A Documentary History of America’s First Legal Same-Sex Marriages
FOR IMMEDIATE RELEASE
September 29, 2007
Jpegs available of Gozemba, Yengo-Kahn and Griffith, McLaughlin and Maynard, and the cover of Courting Equality.
At a ceremony on Monday, September 24, authors of Courting Equality: A
Documentary History of America's First Legal Same-Sex Marriages officially commenced plans to donate a copy of their book to every public high school in Massachusetts. Greater Boston Parents, Families, and Friends of Lesbians and Gays (PFLAG) presented the first of these books to Lexington High School. The town of Lexington began receiving national attention when parent David Parker filed a federal civil rights lawsuit against the school system after his son was shown a book that mentioned the existence of families headed by gay couples. Brian Camenker of the anti-gay activist group Mass Resistance appeared at the book donation ceremony to stage a protest.
PFLAG chose the Lexington school system to receive the first copy of the book because of the town’s commitment to diverse, safe, and welcoming schools for children of all families. This commitment to education inclusive of lesbian, gay, bisexual and transgender (LGBT) issues has put the town under legal attack from Mass Resistance.
PFLAG president Stan Griffith, a Lexington resident, said that “Courting Equality captures one of the defining moments in the struggle for equality and dignity for all. The message of marriage equality has resonated around the world. We want students to know about this.”
Carla Yengo-Kahn, a sophomore at Lexington High, accepted the book on behalf of the school’s Gay Straight Alliance (GSA). Yengo-Kahn, noted, “It is appropriate that my high school should get the first book. We are from Lexington, the birthplace of the American Revolution, which was fought for the very principles of freedom central to our democracy, and appropriately our educational system.” She added, “In our curriculum everyone is a part of ‘we the people.’”
Lexington High GSA advisor, Melissa Buttaro, welcomed Courting Equality. "The book is gorgeous. Thank you for such a generous and moving gift. It will have an important place in our GSA library."
The legal battles over inclusive education continue for Lexington. Despite a victory in February 2007, when Federal Judge Mark Wolf dismissed Parker’s lawsuit, the town will be back in court. Parker and Mass Resistance have now turned to the First Circuit Court of Appeals. Greater Boston PFLAG is in the process of filing a Friend of the Court brief supporting the Lexington town officials.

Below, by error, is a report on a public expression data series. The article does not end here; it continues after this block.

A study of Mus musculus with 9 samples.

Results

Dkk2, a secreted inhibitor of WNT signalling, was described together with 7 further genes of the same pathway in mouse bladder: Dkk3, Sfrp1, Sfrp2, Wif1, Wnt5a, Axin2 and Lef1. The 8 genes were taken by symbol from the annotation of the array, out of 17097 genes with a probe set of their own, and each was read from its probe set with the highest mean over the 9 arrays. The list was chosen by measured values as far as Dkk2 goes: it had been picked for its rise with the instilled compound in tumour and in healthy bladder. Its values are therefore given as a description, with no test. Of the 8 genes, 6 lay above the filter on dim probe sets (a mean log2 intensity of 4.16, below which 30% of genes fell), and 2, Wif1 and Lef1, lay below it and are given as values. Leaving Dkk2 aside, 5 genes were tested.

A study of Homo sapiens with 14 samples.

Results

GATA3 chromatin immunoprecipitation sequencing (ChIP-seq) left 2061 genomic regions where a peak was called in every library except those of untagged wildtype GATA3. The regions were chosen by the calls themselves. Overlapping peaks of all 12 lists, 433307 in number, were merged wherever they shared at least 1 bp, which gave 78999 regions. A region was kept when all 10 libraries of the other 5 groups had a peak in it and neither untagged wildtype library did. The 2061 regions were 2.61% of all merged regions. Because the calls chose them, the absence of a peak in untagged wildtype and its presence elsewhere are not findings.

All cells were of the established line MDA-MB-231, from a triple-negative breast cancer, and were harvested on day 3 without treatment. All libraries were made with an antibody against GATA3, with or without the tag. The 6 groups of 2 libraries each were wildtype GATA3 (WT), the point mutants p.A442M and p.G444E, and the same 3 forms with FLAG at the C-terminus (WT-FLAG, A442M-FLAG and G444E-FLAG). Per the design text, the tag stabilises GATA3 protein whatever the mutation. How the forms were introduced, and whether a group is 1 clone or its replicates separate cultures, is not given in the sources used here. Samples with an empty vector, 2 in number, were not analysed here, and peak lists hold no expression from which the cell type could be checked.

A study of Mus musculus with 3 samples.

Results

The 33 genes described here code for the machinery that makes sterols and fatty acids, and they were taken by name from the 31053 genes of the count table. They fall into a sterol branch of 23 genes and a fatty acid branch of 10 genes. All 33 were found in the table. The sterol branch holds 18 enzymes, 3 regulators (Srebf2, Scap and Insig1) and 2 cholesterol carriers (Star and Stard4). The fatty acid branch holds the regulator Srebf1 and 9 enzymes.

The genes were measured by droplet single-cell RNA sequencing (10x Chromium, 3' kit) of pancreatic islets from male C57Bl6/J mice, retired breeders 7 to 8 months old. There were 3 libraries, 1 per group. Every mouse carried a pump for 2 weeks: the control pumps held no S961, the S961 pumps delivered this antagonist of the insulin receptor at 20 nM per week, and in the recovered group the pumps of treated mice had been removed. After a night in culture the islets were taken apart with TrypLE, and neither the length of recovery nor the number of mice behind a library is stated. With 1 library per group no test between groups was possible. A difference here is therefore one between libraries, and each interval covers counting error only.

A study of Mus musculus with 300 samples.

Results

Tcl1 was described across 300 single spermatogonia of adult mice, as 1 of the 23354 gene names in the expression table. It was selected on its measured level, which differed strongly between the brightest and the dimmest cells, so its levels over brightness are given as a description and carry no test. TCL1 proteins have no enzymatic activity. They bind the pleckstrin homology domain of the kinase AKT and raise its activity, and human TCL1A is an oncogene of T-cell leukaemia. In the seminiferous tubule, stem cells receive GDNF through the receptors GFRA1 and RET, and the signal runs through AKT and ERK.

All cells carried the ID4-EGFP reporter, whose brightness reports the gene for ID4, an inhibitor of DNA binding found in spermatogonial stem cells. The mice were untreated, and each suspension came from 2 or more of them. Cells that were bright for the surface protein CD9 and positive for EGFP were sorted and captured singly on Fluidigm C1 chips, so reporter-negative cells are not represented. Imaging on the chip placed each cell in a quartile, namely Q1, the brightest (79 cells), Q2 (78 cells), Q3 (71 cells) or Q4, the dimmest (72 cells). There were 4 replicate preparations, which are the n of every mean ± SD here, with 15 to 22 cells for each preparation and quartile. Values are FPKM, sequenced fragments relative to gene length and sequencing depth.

PFLAG’s donation was made possible by a generous gift from Chip McLaughlin and Keith Maynard, the married same-sex couple on the cover of Courting Equality. McLaughlin commented, “It is wonderful to know that this generation of school age kids in Massachusetts can have the same sweet dreams as their friends and potentially healthier relationships with a celebration of marriage.”
Courting Equality: A Documentary History of America’s first Legal Same-Sex Marriages was released by Beacon Press on May 16, 2007
Through engaging storytelling and more than 100 powerful photographs Courting Equality provides a front-row seat to this successful battle for gay marriage in Massachusetts. From early efforts by LGBT activists for family and parenting rights, to the instant celebrations and protests in the months following the Massachusetts Supreme Court’s decision in Goodridge vs. the Department of Public Health, Patricia A. Gozemba, Karen Kahn and photographer Marilyn Humphries take readers inside the landmark fight for equal marriage rights.
Congressman Barney Frank on Courting Equality
"Courting Equality is a very important book on several levels. First, it chronicles the events that led up to same sex marriage in Massachusetts, a historic event in our country’s move towards making the wonderful principles of the Constitution applicable to all of our citizens. Second, it shows how political support in the elected Legislature grew rapidly as the reality of allowing same-sex couples to love each other demolished the prejudices that prevented same-sex marriage previously. Finally, it reinforces the point—which was no surprise to those of us fighting for equal treatment for all people—that same-sex marriage has been an entirely positive thing for thousands of men and women in Massachusetts, and has had zero negative consequences at all. Too often, political literature focuses on the bad news, Courting Equality tells some very good news very well."